Debian Wheezy Released


I faced this issue while installing Wheezy on my old ThinkPad T61. Pro-tip: Make sure to format the USB drive as FAT32. NTFS-formatted drives aren't recognised.


Hey!

I have one of those crap a** laptops too!! Never had any good luck with an IBM/Lenovo laptop.

@xorangekiller

That flash install worked perfectly!! :)

Thank you very much. Only need that crappy flash program installed in 1 browser anyway and it will be disabled 99% of the time, which is usally the case on any computer and any OS.

Thanks again.


Does anyone know when 3.8 will appear in the backports repo?


Backports has a strict policy in place: to make distribution upgrades as seamless as possible only packages in Testing may be backported to Stable. Once a package appears in Unstable it will be automatically migrated to Testing after 2 weeks unless a critical bug is filed against it first. Linux 3.8 is currently in Unstable waiting to be migrated to Testing. Once that happens Ben Hutchings (one of the senior Debian Kernel Team members) has already expressed interesting in maintaing Jesse's kernels in Wheezy Backports like he did for Squeeze; so it shouldn't be long.

tl;dr: You should see Linux 3.8 in Wheezy Backports in under 2 weeks.


There's a (now fixed) bug in the installer that auto toggles the ssh server option.

Anyhow it doesn't load properly:

Volume group "xyz" not found

Skipping volume group xyz

Unable to find LVM volume xyz/root

...

Someone wrote that rootdelay=1 should be set, but I don't know how/where to enable it.


That option should be passed on the kernel command line at boot time. Add it to your GRUB configuration file if you want it enabled permanently.


# Become root. Alternatively you can just prepend "sudo" to the beginning of each remaining command below.
sudo -s

# Append your arguments to the end of the GRUB_CMDLINE_LINUX_DEFAULT line in your /etc/default/grub
sed -ri 's|(GRUB_CMDLINE_LINUX_DEFAULT[ ]*=[ ]*")(.*)(")|\1\2 rootdelay=1\3|g' /etc/default/grub

# Apply the GRUB configuration changes to your /boot/grub/grub.cfg
update-grub

# Reboot your computer to apply the changes.
reboot
[/CODE]


Though I did install a Wheezy with LXDE and loved the responsiveness..... though I find Ubuntu far more friendly on the desktop than Debian.


Unfortunately haproxy did not ship with Wheezy because of bugs on some tier-1 architectures (notably powerpc and sparc). However, the package is still in Sid, and you can install it on Wheezy if you enable the backports repository and are using the amd64, kfreebsd-amd64, or kfreebsd-i386 variants of Wheezy.

Though I did install a Wheezy with LXDE and loved the responsiveness..... though I find Ubuntu far more friendly on the desktop than Debian.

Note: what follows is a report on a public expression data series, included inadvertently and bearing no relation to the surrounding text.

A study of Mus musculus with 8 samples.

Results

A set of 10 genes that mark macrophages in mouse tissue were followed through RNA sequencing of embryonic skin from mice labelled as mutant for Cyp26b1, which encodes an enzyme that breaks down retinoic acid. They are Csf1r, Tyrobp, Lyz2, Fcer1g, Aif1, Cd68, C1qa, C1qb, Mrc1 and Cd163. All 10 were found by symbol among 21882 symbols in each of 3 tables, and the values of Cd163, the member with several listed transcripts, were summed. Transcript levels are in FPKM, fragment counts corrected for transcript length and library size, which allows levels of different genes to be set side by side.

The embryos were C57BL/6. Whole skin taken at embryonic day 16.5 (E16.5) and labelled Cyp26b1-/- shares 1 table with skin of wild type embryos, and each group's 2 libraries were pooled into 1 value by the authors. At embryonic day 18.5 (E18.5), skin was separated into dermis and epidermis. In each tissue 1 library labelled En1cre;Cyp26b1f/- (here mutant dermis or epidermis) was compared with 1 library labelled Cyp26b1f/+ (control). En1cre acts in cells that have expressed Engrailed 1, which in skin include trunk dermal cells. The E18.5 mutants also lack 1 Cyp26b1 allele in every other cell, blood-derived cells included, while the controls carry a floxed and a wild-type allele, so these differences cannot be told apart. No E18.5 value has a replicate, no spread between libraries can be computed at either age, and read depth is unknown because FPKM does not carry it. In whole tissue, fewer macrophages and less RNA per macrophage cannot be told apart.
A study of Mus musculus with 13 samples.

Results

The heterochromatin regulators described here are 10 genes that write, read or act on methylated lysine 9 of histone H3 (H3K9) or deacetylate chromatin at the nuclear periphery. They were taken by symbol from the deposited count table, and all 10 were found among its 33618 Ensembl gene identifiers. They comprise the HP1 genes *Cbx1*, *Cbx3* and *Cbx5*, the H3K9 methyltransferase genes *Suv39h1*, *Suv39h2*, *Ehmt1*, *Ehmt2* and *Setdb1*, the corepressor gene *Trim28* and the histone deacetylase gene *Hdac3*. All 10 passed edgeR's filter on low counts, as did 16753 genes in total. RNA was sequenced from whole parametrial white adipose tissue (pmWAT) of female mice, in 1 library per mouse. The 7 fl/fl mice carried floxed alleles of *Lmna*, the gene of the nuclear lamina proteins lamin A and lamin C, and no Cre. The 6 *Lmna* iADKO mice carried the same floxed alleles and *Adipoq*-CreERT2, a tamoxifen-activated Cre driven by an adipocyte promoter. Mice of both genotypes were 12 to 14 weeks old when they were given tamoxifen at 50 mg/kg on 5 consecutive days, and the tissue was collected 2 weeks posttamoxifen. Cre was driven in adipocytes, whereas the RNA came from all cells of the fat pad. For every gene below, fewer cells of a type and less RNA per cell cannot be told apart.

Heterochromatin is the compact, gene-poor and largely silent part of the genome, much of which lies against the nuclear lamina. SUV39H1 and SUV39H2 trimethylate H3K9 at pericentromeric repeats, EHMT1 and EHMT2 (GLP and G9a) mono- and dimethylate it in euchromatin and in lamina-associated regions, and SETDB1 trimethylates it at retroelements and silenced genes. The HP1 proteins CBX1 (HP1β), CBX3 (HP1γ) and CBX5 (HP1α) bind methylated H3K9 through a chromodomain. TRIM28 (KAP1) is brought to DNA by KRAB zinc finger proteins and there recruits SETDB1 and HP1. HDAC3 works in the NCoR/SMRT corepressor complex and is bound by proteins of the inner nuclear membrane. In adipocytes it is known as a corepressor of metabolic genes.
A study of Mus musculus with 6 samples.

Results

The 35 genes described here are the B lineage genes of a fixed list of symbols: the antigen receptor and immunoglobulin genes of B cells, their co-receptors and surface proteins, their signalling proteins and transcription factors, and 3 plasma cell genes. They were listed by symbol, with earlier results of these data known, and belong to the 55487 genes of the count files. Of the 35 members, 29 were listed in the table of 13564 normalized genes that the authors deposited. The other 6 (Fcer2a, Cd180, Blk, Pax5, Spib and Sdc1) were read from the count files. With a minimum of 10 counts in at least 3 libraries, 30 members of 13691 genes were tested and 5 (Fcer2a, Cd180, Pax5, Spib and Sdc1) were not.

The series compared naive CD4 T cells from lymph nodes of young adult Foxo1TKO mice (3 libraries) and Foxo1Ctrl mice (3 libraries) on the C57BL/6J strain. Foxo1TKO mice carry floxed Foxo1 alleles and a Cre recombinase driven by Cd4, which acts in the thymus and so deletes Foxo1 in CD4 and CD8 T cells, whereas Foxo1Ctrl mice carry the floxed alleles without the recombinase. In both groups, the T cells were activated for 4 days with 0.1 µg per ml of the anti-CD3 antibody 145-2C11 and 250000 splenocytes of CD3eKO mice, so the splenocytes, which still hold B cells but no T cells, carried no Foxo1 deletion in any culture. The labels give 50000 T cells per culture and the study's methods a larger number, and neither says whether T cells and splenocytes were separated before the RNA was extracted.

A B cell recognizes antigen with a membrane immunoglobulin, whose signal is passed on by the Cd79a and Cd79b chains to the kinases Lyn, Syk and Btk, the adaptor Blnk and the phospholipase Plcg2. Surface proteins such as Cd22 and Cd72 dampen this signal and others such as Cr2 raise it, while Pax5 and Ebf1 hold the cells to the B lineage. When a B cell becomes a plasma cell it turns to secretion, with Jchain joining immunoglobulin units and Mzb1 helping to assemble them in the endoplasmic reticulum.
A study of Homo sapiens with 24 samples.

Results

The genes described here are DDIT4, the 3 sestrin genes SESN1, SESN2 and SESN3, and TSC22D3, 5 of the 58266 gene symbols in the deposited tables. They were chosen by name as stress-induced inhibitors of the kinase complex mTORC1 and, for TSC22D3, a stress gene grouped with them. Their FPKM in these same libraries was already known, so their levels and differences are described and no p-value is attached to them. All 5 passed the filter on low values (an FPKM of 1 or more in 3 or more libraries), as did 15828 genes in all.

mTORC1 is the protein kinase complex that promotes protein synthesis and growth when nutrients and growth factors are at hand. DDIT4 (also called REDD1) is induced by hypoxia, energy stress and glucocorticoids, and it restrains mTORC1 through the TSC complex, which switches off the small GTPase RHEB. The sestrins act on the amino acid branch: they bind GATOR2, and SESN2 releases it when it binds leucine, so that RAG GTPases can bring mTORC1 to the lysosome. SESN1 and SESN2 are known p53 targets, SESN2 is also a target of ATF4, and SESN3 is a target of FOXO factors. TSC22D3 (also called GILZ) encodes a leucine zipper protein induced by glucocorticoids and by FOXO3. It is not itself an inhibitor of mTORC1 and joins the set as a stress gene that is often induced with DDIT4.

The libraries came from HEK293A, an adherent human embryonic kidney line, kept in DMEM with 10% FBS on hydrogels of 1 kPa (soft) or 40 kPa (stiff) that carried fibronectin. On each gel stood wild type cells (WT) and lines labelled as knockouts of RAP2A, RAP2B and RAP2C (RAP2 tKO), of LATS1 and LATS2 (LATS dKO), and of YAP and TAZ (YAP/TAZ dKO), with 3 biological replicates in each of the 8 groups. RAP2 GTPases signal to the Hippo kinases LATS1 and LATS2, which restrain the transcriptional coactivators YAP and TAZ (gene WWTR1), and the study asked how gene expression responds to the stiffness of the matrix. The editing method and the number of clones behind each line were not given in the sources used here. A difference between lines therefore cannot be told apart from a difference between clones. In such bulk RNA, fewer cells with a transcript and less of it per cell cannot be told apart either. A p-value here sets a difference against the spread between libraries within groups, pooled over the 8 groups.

That is definitely true. While Debian tends to be much faster than Ubuntu for most desktop users, it is much more commonly used in a server capacity because it takes more tweaking and configuration to get a "great" desktop experience. While many Debian Developers agree that it should not only be a desktop distribution for advanced users, derivative distributions - such as Ubuntu - have arguably outstripped Debian in desktop ease-of-use.


I've often wondered why Debian haven't stepped up their game and focus more on desktops. They could do it and do it well. Why let Ubuntu and it's offshoots get all the glory?


While Ubuntu is focused on creating the best desktop experience possible, Debian is much more concerned with choice and flexibility. The Debian Project prefers the technically excellent solution that allows maximum flexibility, even if that means it takes more work to configure an awesome desktop. While it would be really nice if the project could polish every desktop environment it provides and develop slick installation procedures for them, that is just not practical. Like most other open-source project, Debian has a limited amount of manpower. The project prefers to focus the manpower it does have on technical infrastructure rather than desktop polish.

An opinion I have heard professed by many Debian Developers is that if someone wants to package and polish a particular desktop, they can create a derivative. Derivatives are encouraged in Debian, and most technical decisions made by the project reflect that policy. Since downstreams almost never have the manpower of Debian - including Ubuntu - they are strongly encouraged to submit patches that can benefit everyone back upstream to Debian. Consequently Debian is made better by its derivatives, and each derivative benefits from the Debian Project's manpower maintaining the core packages. It is a symbiotic relationship.

Unfortunately not all derivatives have the high quality standards of Debian, but there are some that provide an excellent experience. Ubuntu has generally (although not always) provided a very polished end-user experience, but they have focused on just one desktop: originally it was GNOME and now it is Unity. Debian could provide a high level of polish if the project was willing to railroad users into a unified experience like most derivatives do (with varying levels of success), but that is not the way the project works. That is the work of derivatives, and the Debian Project is proud of that.



# Become root. Alternatively you can just prepend "sudo" to the beginning of each remaining command below.
sudo -s

# Append your arguments to the end of the GRUB_CMDLINE_LINUX_DEFAULT line in your /etc/default/grub
sed -ri 's|(GRUB_CMDLINE_LINUX_DEFAULT[ ]*=[ ]*")(.*)(")|\1\2 rootdelay=1\3|g' /etc/default/grub

# Apply the GRUB configuration changes to your /boot/grub/grub.cfg
update-grub

# Reboot your computer to apply the changes.
reboot
[/CODE]

Thanks but it wouldn't work because it wouldn't load a terminal (tty). All it provided was a busybox shell.I ended up installing a normal unencrypted GNOME. It has a lot of junk!